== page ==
Gambling Commission Approves Revised Everett Casino Land Deal
BOSTON (AP) — Four members of the state gambling commission signed off on a revised real estate deal for a proposed resort casino in Everett that would substantially reduce the price Wynn Resorts paid for the land and prevent anyone that might have a hidden ownership interest — including a convicted felon — from profiting off the sale of the property.
The panel’s chairman and fifth member, Stephen Crosby, recused himself from Friday’s discussion and vote after revealing that he was a friend and one-time business partner of Paul Lohnes, one of the principal owners of the land.
WBZ NewsRadio 1030′s Bernice Corpuz reports
The new deal negotiated between Wynn and FBT Realty, which bought the former Monsanto Co. chemical plant site for $8 million in 2009, would lower the price Wynn would pay from $75 million to $35 million if the company is awarded the sole eastern Massachusetts casino license. An additional $10 million would be subtracted and placed in an escrow account to cover the costs of cleaning up the contaminated site along the Mystic River.
The $35 million was determined by an independent appraiser to be the fair market value for the land if it were sold for non-gambling purposes, such as a retail store.
The commission also required that Lohnes and two other sellers, Dustin DeNunzio and Anthony Gattineri, sign under oath a guarantee that no one with a concealed interest in the property would receive a financial benefit.
The commissioners made clear, however, that there was no evidence Wynn was aware of any hidden investors at the time of the original deal in December and that company executives acted promptly when investigators brought concerns to their attention in July.
The evidence was uncovered during a background check required of all potential casino operators in Massachusetts.
“What at first appeared to be a relatively direct transaction was revealed to be a complex web of questionable conduct by the sellers that required even deeper scrutiny as each layer of the transaction was penetrated,” said Karen Wells, director of the commission’s Bureau of Investigation and Enforcement.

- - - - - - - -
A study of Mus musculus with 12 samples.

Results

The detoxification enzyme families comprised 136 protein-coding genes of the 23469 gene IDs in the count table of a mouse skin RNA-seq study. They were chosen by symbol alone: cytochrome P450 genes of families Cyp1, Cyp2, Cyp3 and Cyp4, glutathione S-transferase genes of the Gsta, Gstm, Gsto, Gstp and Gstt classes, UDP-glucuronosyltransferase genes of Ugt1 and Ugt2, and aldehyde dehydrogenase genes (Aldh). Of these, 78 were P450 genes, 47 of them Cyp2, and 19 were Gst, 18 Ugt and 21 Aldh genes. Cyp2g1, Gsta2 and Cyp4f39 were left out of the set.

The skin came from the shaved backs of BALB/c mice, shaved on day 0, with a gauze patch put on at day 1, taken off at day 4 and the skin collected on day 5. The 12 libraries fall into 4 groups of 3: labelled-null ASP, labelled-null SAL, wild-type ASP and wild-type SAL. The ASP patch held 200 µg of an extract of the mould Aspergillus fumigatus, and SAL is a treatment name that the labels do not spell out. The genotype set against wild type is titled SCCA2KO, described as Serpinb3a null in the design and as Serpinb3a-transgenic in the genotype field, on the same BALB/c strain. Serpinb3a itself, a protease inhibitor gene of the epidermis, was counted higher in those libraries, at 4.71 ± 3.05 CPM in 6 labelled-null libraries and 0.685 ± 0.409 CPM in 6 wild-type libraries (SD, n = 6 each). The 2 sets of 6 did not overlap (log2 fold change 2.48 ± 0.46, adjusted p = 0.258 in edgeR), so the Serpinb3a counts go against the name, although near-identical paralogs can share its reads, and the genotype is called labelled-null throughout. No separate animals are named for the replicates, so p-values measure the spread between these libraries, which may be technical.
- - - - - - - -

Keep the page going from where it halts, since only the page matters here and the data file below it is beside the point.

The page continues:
According to excerpts of the investigative report made public by the commission on Friday, Charles Lightbody, a convicted felon, was one of two men who possibly had an undisclosed ownership interest in the Everett land.
The report included transcripts of recorded telephone conversations that Lightbody was said to have had with a Massachusetts prison inmate, identified as Darin Bufalino, during which Lightbody appeared to boast of his ability to quietly profit if the land was sold to Wynn for a casino.
“Nobody knows who’s involved which makes it good because now I can just move on, you know what I mean?” Lightbody told Bufalino, according to the transcript of one call that was recorded under routine prison policy.
Kim Sinatra, general counsel for Wynn, told the commission said she was shocked to learn of the possible hidden interest in the land. She said the company renegotiated the sale price to fair market value so the landowners would make no more money off the property than they otherwise would if it was sold to any other type of buyer.
The commissioners also voted to turn over all information uncovered during the bureau’s investigation to state and federal prosecutors.
Crosby said he disclosed his past relationship with Lohnes in state Ethics Commission filings but did not make it publicly known until last week, when he announced his intent to recuse himself from deliberations over the land deal. Crosby has said he does not intend to remove himself from deliberations over the awarding of the eastern Massachusetts casino license.
Commissioner James McHugh, who chaired Friday’s meeting, said he had full confidence in Crosby.
‘I have no scintilla, no hint of a doubt about his ethical standards,” McHugh said.